Gairdner Award laureates Mary-Claire King and Elizabeth Eisenhauer each spent over four decades investigating cancer. Their many years of dedication have paid off for patients around the world.
“I’ve been studying the problem of inherited predisposition to breast and ovarian cancer for more than 40 years now,” says King, 2021 Canada Gairdner International Award laureate.
“It was inspired originally by surgeons and oncologists who recognized that there were some families in which many women developed breast cancer, or worse ovarian cancer, despite having done everything right.”
At the time that King was doing this research, it wasn’t yet known how certain cancers can follow family lines. This discovery required tools that didn’t exist yet.
“We thought maybe there is a genetic predisposition that is inherited in these families, and maybe it’s possible to find it. And it worked. It’s taken 40 years, but it worked,” adds King.
“It saved the lives of a lot of women, and now with the technology of today, this entire project could be done by one graduate student in a summer rotation.”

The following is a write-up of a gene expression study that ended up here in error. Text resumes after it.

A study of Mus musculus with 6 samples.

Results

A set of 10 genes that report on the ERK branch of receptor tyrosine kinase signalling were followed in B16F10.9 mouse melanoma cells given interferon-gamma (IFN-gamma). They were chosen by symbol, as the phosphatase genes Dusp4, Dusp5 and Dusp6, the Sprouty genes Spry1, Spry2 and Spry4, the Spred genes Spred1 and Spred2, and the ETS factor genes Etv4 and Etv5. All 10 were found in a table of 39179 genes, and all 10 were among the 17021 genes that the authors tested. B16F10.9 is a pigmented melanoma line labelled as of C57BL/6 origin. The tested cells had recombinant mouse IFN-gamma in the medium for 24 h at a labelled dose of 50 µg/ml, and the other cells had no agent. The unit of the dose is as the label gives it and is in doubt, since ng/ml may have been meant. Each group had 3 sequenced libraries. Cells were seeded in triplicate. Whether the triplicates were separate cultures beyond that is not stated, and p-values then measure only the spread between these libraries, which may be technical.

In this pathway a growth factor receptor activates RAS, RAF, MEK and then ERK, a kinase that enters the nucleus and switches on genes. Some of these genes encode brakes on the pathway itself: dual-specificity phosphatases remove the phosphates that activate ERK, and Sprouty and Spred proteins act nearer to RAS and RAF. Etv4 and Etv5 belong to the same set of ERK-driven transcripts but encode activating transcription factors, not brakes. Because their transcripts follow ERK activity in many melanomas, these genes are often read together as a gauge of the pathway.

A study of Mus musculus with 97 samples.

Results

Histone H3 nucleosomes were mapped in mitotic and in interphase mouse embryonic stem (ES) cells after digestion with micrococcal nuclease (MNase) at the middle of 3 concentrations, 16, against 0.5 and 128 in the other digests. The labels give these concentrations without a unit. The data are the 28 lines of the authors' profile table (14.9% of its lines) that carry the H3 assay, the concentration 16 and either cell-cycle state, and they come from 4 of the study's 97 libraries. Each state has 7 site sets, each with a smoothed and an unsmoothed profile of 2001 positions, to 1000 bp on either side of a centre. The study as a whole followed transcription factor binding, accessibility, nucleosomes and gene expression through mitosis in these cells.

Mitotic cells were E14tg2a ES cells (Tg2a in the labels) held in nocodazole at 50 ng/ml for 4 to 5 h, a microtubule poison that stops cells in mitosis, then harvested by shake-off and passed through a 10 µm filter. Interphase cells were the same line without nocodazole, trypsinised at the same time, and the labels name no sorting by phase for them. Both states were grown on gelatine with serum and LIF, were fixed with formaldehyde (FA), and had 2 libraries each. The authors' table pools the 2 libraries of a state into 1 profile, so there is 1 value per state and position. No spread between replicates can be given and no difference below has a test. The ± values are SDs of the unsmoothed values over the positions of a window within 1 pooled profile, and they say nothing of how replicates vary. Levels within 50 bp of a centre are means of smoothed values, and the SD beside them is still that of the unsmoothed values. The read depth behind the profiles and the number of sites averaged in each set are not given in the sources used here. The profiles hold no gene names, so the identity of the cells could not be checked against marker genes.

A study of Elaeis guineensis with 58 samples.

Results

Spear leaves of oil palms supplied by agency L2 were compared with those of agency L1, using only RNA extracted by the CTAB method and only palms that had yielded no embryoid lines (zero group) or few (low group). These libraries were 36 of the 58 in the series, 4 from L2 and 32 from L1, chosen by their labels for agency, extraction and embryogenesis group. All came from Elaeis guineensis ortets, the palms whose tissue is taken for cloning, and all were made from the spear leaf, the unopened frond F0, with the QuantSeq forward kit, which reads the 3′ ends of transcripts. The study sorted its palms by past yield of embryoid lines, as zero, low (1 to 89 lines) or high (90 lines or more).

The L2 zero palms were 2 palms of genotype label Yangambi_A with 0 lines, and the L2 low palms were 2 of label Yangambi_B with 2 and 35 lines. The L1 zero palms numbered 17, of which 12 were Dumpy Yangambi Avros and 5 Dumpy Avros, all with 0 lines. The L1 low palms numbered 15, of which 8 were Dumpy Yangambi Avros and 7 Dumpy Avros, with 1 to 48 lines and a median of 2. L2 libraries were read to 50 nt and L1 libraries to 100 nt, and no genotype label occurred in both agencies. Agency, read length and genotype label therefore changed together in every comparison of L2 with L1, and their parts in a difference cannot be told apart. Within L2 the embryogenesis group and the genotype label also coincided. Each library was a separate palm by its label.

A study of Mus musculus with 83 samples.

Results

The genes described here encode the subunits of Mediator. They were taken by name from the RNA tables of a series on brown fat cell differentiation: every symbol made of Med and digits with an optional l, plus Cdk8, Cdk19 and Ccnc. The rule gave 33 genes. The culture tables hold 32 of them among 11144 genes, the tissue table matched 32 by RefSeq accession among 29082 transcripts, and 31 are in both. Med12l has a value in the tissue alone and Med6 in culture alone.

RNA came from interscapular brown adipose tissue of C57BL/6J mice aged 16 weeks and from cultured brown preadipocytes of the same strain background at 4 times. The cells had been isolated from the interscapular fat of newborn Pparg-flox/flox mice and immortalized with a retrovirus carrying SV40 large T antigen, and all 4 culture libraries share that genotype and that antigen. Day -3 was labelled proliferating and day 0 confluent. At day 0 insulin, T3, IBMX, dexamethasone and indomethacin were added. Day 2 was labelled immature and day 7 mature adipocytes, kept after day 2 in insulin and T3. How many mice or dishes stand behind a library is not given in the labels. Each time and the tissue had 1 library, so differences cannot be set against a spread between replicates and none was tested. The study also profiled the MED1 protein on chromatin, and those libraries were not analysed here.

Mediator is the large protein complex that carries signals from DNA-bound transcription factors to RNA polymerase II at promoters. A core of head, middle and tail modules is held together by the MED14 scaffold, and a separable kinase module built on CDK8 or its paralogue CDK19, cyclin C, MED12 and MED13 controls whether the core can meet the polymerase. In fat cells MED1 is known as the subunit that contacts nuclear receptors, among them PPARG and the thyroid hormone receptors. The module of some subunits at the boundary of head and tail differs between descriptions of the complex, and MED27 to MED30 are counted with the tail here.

Eisenhauer, 2021 Canada Gairdner Wightman Award laureate, was working on cancer treatments over that same span of time. She was also the Director of the Investigational New Drug Program at the Canadian Cancer Trials Group, and her focus was on drugs that had not yet been tested in people. Some drug candidates seemed very promising, but pharmaceutical companies weren’t interested in pushing them through clinical trials.
“Now at the time I began this work in 1982, a lot of pharmaceutical companies weren’t interested in investing in cancer because it was too high risk, so most of the work came from academic labs and scientists trying to find something that might bring a glimmer of hope to cancer patients if we could translate it into a therapy,” says Eisenhauer.
“Some of the studies we did turned out to be for drugs that were really important for cancer treatment and are used today to manage cancer patients, not only in Canada but around the world.”
Both Eisenhauer and King credit the collective strength of the entire field for continued progress for cancer patients.
“Unleashing the power of collaborative research to create communities that get there faster together was a really inspiring time for me,” says Eisenhauer.
“The two great things about science are being able to work with fabulous people and never having it be the end,” adds King. “I’m 75 years old and I fully anticipate doing this for years and years ahead.”